Archer fans have taken Sterling’s resilience for granted. In the FX show’s seventh season, he’s still getting pummeled by bikers, taking homerific tumbles down cliff faces, and being kicked in the groin by Lana, but there’s one big difference: This time around, it looks like it hurts. On top of his mounting physical ailments, Archer’s grappling with dad duties and being a faithful partner. Suddenly, Archer’s life just got real. His situation is a stark contrast to the crew’s surreal new L.A. digs, one that’s driven less by the show’s trajectory and more by the convoluted mind of the one-man force behind the series, creator Adam Reed. He talked to Inverse about midlife crises, Sterling’s new Ferrari, and the long-awaited return of phrasing.

What’s with the sudden focus on middle age?

It might have something to do with the writer dealing with his own middle age. Knees, lower back — no. Just getting older and the stuff that comes along with that. There’s responsibility. Physically, it’s a whole crock of shit. But you have to do it. So I guess, subconsciously that’s been informing what’s been happening to Archer, the man.

Would it be a stretch to say that Archer is hitting a midlife crisis?

I don’t think it’s a midlife crisis, even though he bought a Ferrari. He’s taking stock. And his knees hurt.

In the seventh season, Sterling isn't bouncing back as quickly as he used to.

Have you been worried about how to reconcile his role as a dad and partner with his previous role?

I don’t think I worry about it. When it comes up, it just seems like Archer knows how to handle it or not handle it. A lot of times, it feels like I’m not really deciding things for these people. That sounds kind of like a cop out; but the things that they do in response to situations or circumstances, by now — and we’re getting near 100 episodes — they sort of tell me what they’re going to do. And I just write that down.

So they’re not following some long, planned-out trajectory?

Oh no, no. I’m terrible at long, planned-out trajectories, much to FX’s chagrin. But every time I sit down at the computer with a new script, it’s usually just for the story idea, like “bomb on a blimp,” or “Archer has a man crush,” or “robot legs,” or “pot farm,” and I just sit down and start typing and I don’t know where that episode is going to end, usually.

With Archer’s confession about being a bullying victim in “Deadly Prep,” it seemed as though you were intentionally revealing a side of him we’d never seen before.

I was reading some comments online about the episode. There were several people who were really mad about the AIDS joke that both prep school bullies made. People were like, “That’s totally unfunny.” And I was like, “I know it’s unfunny! Those guys are assholes, and that’s a joke an asshole would make.” I guess with Archer being a bully — not that it needed an origin — but you don’t have to dig too deep, really, to find out why a bully is a bully. Archer, you know, in his manner, we really hung a lantern on [the question], “Did you learn nothing from this?” And he’s like, gleefully, “No I did not.” He probably did but would never admit that.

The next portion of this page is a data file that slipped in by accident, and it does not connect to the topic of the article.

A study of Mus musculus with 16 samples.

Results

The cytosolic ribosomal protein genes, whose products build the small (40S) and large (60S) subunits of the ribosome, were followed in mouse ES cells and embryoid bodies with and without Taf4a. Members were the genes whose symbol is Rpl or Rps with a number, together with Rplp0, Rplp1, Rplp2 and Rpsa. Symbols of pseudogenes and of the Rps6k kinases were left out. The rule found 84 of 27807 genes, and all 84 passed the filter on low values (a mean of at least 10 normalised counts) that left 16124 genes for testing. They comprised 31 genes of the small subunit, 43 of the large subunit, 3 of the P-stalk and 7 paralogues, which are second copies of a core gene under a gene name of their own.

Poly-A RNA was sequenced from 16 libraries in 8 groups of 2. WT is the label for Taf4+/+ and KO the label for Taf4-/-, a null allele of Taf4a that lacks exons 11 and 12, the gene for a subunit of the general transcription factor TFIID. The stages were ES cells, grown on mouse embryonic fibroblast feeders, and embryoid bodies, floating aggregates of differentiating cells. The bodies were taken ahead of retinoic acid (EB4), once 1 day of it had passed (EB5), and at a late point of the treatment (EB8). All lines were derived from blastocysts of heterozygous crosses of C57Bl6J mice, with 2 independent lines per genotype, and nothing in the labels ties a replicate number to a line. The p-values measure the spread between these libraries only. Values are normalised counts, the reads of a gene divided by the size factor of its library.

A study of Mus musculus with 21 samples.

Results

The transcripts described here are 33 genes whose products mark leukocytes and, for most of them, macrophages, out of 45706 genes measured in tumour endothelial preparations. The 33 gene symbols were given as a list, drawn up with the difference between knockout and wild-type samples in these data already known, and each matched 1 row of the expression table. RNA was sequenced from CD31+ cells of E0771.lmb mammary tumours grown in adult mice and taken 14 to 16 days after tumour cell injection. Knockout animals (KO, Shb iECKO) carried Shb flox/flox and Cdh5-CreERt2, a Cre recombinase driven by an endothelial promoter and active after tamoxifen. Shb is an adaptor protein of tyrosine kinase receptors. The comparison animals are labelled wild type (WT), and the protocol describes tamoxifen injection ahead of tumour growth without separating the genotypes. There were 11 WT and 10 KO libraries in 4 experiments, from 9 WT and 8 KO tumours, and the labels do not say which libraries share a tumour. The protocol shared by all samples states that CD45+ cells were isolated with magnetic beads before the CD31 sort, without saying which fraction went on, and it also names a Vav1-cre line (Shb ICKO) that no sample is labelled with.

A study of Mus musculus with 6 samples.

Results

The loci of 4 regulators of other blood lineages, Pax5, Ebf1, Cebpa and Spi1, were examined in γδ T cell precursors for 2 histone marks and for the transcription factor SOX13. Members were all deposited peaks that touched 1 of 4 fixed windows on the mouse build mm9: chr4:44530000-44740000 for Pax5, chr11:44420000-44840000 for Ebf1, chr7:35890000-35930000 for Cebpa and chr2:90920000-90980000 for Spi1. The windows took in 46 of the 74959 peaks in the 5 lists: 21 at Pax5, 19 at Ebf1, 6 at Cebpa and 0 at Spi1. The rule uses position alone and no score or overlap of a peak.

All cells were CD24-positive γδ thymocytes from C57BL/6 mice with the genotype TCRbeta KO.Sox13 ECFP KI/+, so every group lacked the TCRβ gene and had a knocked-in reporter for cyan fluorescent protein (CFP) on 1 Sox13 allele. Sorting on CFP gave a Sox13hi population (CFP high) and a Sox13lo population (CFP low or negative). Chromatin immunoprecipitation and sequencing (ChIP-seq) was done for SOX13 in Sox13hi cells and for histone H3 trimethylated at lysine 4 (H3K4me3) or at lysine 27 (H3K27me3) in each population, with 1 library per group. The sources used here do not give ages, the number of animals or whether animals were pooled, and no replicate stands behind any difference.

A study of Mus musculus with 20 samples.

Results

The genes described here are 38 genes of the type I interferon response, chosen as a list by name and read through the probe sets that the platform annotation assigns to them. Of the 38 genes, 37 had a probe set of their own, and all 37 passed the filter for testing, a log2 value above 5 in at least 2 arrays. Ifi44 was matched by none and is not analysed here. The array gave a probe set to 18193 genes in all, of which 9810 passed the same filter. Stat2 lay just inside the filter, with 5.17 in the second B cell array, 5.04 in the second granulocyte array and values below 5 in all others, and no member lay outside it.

In an unexpectedly vulnerable moment, Archer admits to being a victim of vicious prep school bullying in the season’s third episode. 

Archer doesn’t seem to be the only one changing this season. Malory totally led the charge in the final scene of “The Handoff”, which is surprising, considering she’s now a full-on grandmother. Are we going to be seeing Malory take a more hands-on role?

She’s so great. Mallory and Jessica [Walter] have been so underutilized — again, sloppy writer. But there’s an episode coming up in which Barry comes back, and Mallory just goes full-on, she’s maybe the most badass she’s ever been before. It’s pretty great.

And for Cyril, there’s plenty of room for change. He finally has the opportunity to lead but is still getting emasculated left and right. Have you thought of ever giving the poor guy a break?

Yes! I have. Season 8, we’re going to see a different iteration of Cyril. It could be a bit darker and not nearly — at least on the surface — as sympathetic. I think Cyril’s life would be so much better if he would just leave Archer’s world. I think Cyril on his own would be a great guy, great at whatever he did, but I think Archer has slowly driven him, if not crazy, to become a very bitter human being.

Are all of these changes happening because you’re worried audiences are going to get bored?

Oh yeah. I worry every time. Every season.

How do you maintain the balance between whats new and whats at the core of the show?

Because we’ve been doing this so long, the balance has found itself. I think have the best cast of ever. At this point I wouldn’t want to introduce new characters. There are eight main characters, and they just sort of have this balance. There are four women, and originally it was a dudes-only show.

The return of phrasing seems to be a fairly welcome change. Why was this the right time to bring it back?

I couldn’t think of anything as economical that does the same thing that phrasing does. Half the people love it, and half the people hate it. I think our whole cast hates it. Part of it is seeing how many times I can get away with saying it. At some point, it quits being funny, and at some point it’ll start being funny again.

As Archer says, we all took it for granted.

People take things for granted, that’s for sure.